Alzheimer's Safety Device
It’s the size of a quarter, but a small transmitter may have a big impact. After three Alzheimer’s patients wandered away from their caregivers and died from exposure, members of an Ohio town knew they had to do something. As Lindsay Ferrier reports, they turned to a high-tech solution for some old-fashioned peace of mind.
(Locator: Coshocton County, Ohio)
Coshocton County Deputy: “Okay, we’re getting a better signal from that way.”
This newfangled gadget is getting a lot of attention in downtown Coshocton, Ohio.
Deputy: “We’re really close.”
And it should. It has saved more than a thousand lives nationwide. Deputies hope it’ll save even more locally. This antenna can lead them straight to anyone wearing a tiny corresponding transmitter.
Deputy: “There’s our subject.”
Captain Jon Mosier: “With a relatively small amount of training, officers can take the device and start looking for the person and quickly locate them.”
Soon, 12 Coshocton County Alzheimer’s patients will be wearing the wristband transmitters, thanks to local donors like Park United Methodist Church, where members felt a personal need to get involved.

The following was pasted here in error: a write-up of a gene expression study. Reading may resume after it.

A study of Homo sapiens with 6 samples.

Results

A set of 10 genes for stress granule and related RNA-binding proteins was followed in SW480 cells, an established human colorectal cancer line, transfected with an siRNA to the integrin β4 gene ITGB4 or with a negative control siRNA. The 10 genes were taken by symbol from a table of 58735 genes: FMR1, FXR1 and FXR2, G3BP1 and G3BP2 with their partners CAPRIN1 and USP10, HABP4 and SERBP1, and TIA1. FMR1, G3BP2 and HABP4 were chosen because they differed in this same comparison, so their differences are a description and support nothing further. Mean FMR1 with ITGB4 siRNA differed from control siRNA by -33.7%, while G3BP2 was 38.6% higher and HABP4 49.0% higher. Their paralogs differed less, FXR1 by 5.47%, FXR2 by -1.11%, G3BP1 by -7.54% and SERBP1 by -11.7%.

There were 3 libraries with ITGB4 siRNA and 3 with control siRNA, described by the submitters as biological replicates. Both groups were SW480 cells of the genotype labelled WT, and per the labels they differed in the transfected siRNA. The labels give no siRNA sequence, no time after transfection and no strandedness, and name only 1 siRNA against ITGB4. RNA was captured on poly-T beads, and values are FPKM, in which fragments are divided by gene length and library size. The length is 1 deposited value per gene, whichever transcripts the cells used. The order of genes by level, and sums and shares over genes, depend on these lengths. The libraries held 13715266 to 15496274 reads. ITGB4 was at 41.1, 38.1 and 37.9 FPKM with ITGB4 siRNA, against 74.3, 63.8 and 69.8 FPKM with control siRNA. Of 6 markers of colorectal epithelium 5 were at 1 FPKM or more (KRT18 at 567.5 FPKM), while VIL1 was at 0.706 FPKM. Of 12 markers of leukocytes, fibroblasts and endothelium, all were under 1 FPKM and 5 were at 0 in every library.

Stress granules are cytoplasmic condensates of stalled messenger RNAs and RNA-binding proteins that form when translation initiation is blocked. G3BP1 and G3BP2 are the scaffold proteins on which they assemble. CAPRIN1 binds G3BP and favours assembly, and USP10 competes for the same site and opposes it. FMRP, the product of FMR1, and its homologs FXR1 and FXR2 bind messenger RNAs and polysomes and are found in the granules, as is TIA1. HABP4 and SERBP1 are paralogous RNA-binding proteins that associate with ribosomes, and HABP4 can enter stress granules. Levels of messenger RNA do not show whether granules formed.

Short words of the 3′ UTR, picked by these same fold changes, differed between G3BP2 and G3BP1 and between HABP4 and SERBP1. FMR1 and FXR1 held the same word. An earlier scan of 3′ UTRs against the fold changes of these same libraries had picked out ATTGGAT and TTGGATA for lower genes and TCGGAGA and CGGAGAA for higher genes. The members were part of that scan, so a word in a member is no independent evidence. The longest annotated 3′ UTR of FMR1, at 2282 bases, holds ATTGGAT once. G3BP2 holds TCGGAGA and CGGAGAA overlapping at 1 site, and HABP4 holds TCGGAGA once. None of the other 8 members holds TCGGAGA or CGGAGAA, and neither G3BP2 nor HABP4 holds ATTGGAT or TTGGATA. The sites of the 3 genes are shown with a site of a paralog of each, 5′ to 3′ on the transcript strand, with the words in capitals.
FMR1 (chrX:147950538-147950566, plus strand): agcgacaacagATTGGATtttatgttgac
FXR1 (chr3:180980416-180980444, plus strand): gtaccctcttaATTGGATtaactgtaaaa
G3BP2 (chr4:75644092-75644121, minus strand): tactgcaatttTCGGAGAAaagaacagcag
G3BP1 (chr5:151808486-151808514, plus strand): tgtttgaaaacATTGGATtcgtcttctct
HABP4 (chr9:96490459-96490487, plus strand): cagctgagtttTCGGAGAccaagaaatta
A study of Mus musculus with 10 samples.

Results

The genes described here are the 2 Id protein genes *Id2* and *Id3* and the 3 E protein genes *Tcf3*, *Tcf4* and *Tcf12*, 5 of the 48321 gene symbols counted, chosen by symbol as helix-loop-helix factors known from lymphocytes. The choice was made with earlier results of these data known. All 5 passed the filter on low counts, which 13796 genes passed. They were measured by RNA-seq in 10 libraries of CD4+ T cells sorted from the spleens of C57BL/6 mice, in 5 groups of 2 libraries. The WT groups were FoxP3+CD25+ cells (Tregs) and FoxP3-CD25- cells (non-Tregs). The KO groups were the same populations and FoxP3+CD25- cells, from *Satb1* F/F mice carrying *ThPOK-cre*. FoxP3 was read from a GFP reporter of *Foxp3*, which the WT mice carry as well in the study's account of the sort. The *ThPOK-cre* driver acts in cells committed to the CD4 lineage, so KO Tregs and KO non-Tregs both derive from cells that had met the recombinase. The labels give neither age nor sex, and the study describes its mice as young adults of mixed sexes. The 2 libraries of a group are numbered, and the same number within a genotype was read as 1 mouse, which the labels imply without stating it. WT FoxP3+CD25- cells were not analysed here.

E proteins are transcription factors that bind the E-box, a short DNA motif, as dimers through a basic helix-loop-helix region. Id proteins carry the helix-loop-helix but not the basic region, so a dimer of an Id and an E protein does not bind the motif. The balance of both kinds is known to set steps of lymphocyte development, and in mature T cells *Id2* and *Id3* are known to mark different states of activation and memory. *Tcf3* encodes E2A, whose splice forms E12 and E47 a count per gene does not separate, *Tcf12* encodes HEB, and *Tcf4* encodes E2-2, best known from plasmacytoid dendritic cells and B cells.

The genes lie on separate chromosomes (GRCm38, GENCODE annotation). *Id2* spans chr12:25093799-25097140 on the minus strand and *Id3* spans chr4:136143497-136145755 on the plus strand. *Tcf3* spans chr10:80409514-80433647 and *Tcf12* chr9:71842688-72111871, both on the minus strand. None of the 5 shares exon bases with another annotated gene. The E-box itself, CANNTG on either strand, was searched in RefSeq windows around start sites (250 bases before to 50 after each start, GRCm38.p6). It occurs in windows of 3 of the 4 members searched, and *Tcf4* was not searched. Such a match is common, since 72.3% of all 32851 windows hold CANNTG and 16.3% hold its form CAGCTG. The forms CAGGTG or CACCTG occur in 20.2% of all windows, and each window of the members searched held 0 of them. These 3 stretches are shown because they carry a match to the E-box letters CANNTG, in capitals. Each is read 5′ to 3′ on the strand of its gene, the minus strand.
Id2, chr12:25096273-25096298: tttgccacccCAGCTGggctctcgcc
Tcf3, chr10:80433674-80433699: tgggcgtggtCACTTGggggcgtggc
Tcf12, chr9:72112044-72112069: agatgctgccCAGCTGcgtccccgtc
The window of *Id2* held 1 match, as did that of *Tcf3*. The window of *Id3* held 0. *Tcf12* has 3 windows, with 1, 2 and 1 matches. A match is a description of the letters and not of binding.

Mary Hughes, Park United Methodist Church: “In 2001 my sister-in-law was diagnosed with Alzheimer’s and had to go into a lockdown unit. It just kind of stuck to my mind and my heart that we needed to do something with our mission money.”
Captain Jon Mosier: “Contributions helped us to be able to assure people that regardless of whether they can actually afford it, the service is still going to be available to them.”
Called “Project Lifesaver”, this program is giving locals some peace of mind.
Gloria Trustdorf was first in line at the sheriff’s office to get her father a bracelet.
Gloria Trustdorf: “I’m doing this because he has a tendency to run when he gets outside and he was lost for six hours last summer.”
Captain Jon Mosier: “The sooner they can be found the more likely it is that they’re going to be found in good health; that’s a very critical thing. That’s what we’re striving for to get them back with no adverse effect.”
The radio transmitters can also be used with patients with other disorders like autism and Down Syndrome. Nationwide, more than 1,000 searches have been conducted using Project Lifesaver technology. Every one of those searches has ended successfully. To learn more about Project Lifesaver, check out www.projectlifesaver.org.
And for more details about how churches can support programs like this, see Church support helps deputies track dementia patients.